In my practice, I am often presented with families who have sought out help for their children because these parents feel that their children are not listening to instruction or following the rules. These parents come to me because they want me to provide counseling to their children alone, and in some way, ‘fix’ their children.
A problem within the family unit is just that, a family problem.
These parents are quickly given a wake up call. If a client is presented to me for such a reason, I quickly inform the family that a problem within the family unit is just that, a ‘family problem’. And if members are not communicating properly, it is every member’s responsibility to learn how to improve matters. It is a lot easier for parents to cast blame on one of their children if they feel that there is not sufficient harmony within the household.
The truth is, we all respond to our environment differently, and the likelihood is very high that their child is responding in a certain way because of the atmosphere in the home, the style of parenting being imposed, feeling misunderstood, etc. Every member of a family contributes to the successes and failures of the ways family members communicate with one another.
As a therapist and as a parent, it is my job to help families, including my own, identify where communication is breaking down, and what sort of strategies would work to increase peace within the home. My husband and I both have struggled to identify and accept that our children are all different from one another. They respond differently to the same types of discipline. They have different temperaments. What triggers a reaction in one might not even faze the other. They also need or demand different qualities from their parents. Love and support expressed in varying ways. Space or extra hugs. Whatever the case may be.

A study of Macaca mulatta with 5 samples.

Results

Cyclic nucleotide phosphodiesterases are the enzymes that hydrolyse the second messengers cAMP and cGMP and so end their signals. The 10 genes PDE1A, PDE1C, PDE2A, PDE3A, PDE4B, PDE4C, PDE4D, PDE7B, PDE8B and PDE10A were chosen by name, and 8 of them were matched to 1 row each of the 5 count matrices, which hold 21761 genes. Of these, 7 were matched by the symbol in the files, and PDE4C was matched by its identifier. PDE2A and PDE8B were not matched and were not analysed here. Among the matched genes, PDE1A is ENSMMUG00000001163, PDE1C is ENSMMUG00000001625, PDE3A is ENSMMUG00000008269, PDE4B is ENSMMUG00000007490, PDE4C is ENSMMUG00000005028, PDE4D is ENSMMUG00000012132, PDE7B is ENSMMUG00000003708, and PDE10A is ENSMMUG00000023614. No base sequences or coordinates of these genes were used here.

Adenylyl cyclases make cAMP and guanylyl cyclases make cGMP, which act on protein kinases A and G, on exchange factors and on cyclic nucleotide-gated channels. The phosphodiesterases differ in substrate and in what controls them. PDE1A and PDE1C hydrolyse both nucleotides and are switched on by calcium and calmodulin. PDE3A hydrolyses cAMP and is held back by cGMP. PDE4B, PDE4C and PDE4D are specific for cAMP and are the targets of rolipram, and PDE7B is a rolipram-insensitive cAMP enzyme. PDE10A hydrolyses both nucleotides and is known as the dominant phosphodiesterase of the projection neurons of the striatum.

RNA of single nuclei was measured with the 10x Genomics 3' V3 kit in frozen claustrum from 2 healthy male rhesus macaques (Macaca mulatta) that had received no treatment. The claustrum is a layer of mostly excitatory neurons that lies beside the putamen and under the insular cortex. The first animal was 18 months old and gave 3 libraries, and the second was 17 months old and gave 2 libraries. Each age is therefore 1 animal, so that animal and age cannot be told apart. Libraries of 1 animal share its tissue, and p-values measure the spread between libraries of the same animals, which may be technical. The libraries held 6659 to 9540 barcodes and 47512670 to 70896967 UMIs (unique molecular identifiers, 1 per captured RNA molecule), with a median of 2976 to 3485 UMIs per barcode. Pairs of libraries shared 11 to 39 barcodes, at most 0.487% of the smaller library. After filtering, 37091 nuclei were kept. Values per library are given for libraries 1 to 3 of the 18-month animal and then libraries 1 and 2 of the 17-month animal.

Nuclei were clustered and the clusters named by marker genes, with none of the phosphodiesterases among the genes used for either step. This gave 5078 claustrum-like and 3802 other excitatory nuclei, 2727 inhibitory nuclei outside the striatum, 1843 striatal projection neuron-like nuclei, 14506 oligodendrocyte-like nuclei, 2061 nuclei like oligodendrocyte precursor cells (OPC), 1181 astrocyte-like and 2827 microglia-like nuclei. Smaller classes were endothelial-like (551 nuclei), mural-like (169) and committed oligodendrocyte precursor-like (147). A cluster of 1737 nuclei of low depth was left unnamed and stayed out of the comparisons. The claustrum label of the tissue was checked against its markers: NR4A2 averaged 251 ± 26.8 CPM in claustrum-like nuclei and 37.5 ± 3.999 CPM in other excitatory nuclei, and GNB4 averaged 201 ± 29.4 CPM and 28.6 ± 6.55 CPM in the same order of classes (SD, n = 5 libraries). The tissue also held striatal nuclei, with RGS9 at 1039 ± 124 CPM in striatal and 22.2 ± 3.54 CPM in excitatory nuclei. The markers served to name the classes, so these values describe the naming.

Parents need to figure out what works for each child, and which types of behaviors are virtually ineffective. This is often a daunting task and vey difficult for parents to achieve successfully. Let’s not deny that it is also completely frustrating and extremely time consuming. Time that most parents do not have to give on an ongoing basis to assess and figure out which ways to help their children.
Once you think you have mastered something with one child, it all means nothing if one of the other children does not respond to it. We apply the ‘wrong’ type of parenting, and end up unintentionally hurting our children along the way. The truth is, we do not always know which path to take. And along the way we make mistakes. Many, many mistakes.
So what are parents to do?
First off, parents need to recognize the unique qualities in their children and understand how each of their children self regulates. One might be very non-reactive about most things, and take more risks. This child might be able to handle criticism in a constructive way without taking too much to heart. A sibling, on the other hand, could respond in the opposite way. Everything needs to get thought through. Every behaviour is well planned. When mistakes are made, this type of child handles it with difficulty. She might take it as a personal slate against her.
The point is, every child is unique. And parents are fooling themselves if they think that one type of discipline or one type of comfort or one type of parenting style will suffice. If parents do not recognize that their children self regulate differently, they are doing a huge disservice to their children whereby they are not identifying their child’s exceptional characteristics and are subsequently undermining them as people. Children need acceptance for who they are, especially from their parents.
This is one of the greatest parenting challenges for many, and mastering it is certainly on ongoing process.